Complete physical dispossession of a property is not a prerequisite to an award of damages after a condemnation proceeding is abandoned—moving from the property in reliance on the order granting the agency possession is sufficient. San Joaquin Regional Transit District v. Superior Court, No. C084755 (3rd Dist., Dec. 1, 2020)
In 2010, the San Joaquin Regional Transit District filed an action to condemn property in Stockton owned by Sardee Industries on which Sardee operated a manufacturing facility. In response, Sardee began expanding its operations in Lisle, Illinois and moving projects and equipment there. In April 2011, the court entered an order that conveyed legal possession of the entire parcel to the District but allowed Sardee to temporarily occupy the southern portion. By March 2012, Sardee had only a few machines in Stockton that were packed and ready to be shipped to Illinois. The District abandoned its condemnation action in April 2012.
Code of Civil Procedure section 1268.620 allows recovery of damages incurred “after the defendant moves from property in compliance with an order or agreement for possession or in reasonable contemplation of its taking.” If the proceeding for a taking is dismissed for any reason, the court must order the plaintiff to deliver possession of the property and award damages proximately caused by the dismissal of the proceeding.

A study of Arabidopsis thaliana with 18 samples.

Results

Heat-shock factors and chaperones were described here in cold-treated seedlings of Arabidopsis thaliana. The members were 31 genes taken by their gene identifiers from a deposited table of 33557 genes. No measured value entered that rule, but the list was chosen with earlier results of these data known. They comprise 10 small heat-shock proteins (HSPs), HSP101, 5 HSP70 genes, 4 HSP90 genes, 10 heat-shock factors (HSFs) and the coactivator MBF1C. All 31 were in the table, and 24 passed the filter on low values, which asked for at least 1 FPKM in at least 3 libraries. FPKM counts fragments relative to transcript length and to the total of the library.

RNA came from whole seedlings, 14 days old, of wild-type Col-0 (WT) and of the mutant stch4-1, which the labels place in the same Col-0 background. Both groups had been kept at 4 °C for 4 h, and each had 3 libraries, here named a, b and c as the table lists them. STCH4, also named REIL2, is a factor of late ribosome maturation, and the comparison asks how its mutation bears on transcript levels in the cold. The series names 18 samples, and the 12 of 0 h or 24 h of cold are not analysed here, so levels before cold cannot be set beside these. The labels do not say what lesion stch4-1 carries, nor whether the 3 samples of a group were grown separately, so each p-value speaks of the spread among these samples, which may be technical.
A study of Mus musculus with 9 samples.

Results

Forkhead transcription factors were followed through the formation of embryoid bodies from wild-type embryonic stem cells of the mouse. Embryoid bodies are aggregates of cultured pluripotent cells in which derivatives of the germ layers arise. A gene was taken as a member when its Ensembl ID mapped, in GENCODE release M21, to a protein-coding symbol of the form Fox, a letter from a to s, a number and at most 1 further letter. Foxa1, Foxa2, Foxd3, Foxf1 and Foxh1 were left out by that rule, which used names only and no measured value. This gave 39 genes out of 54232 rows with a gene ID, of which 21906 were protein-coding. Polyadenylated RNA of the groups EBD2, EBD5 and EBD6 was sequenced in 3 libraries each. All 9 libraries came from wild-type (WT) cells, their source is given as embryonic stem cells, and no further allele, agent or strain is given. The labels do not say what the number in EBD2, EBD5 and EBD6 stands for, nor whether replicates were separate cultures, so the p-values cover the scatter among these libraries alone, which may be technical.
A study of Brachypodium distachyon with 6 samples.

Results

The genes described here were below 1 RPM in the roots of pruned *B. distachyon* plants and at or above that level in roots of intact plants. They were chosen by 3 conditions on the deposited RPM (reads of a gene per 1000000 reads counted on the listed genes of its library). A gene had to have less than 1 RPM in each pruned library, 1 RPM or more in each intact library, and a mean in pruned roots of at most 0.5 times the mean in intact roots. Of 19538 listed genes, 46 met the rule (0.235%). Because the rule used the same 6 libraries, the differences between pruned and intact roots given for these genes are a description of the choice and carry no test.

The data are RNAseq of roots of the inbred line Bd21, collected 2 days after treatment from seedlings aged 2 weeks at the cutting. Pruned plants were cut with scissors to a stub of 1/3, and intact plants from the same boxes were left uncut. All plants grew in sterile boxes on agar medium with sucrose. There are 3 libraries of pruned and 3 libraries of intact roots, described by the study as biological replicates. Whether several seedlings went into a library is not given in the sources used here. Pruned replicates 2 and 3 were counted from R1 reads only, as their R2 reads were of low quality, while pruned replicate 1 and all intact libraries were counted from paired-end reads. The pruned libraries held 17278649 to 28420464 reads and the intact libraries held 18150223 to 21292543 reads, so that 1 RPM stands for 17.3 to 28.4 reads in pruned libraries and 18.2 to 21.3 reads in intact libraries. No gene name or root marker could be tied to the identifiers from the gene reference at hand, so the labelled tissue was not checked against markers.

The court rejected the District’s argument that the statutory phrase “after the defendant moves from the property” implies that the defendant must completely vacate the property to receive damages. The court distinguished a prior case in which the court declined to award damages based on preliminary development plans that were cancelled in response to an eminent domain proceeding that was eventually abandoned. Unlike Sardee, which had moved most of its equipment and acquired additional property, the owner did not incur relocation costs prior to the government’s abandonment of the condemnation proceeding. In addition, the court referenced the plain language of the statute, which only states that the party must “move”—not that it must be “physically dispossessed.”
The court also rejected the District’s argument that Sardee had not “moved” under the statute because it had exclusive rights to occupy a portion of the property and continued to operate there. The court reasoned that Sardee had effectively “moved” because it had already shipped most of its equipment to Illinois and the District had taken physical possession of the northern portion of the parcel. Despite its presence on the property Sardee was entitled to compensation because it “did more than just prepare” to move and had almost finished by the time the District abandoned the condemnation.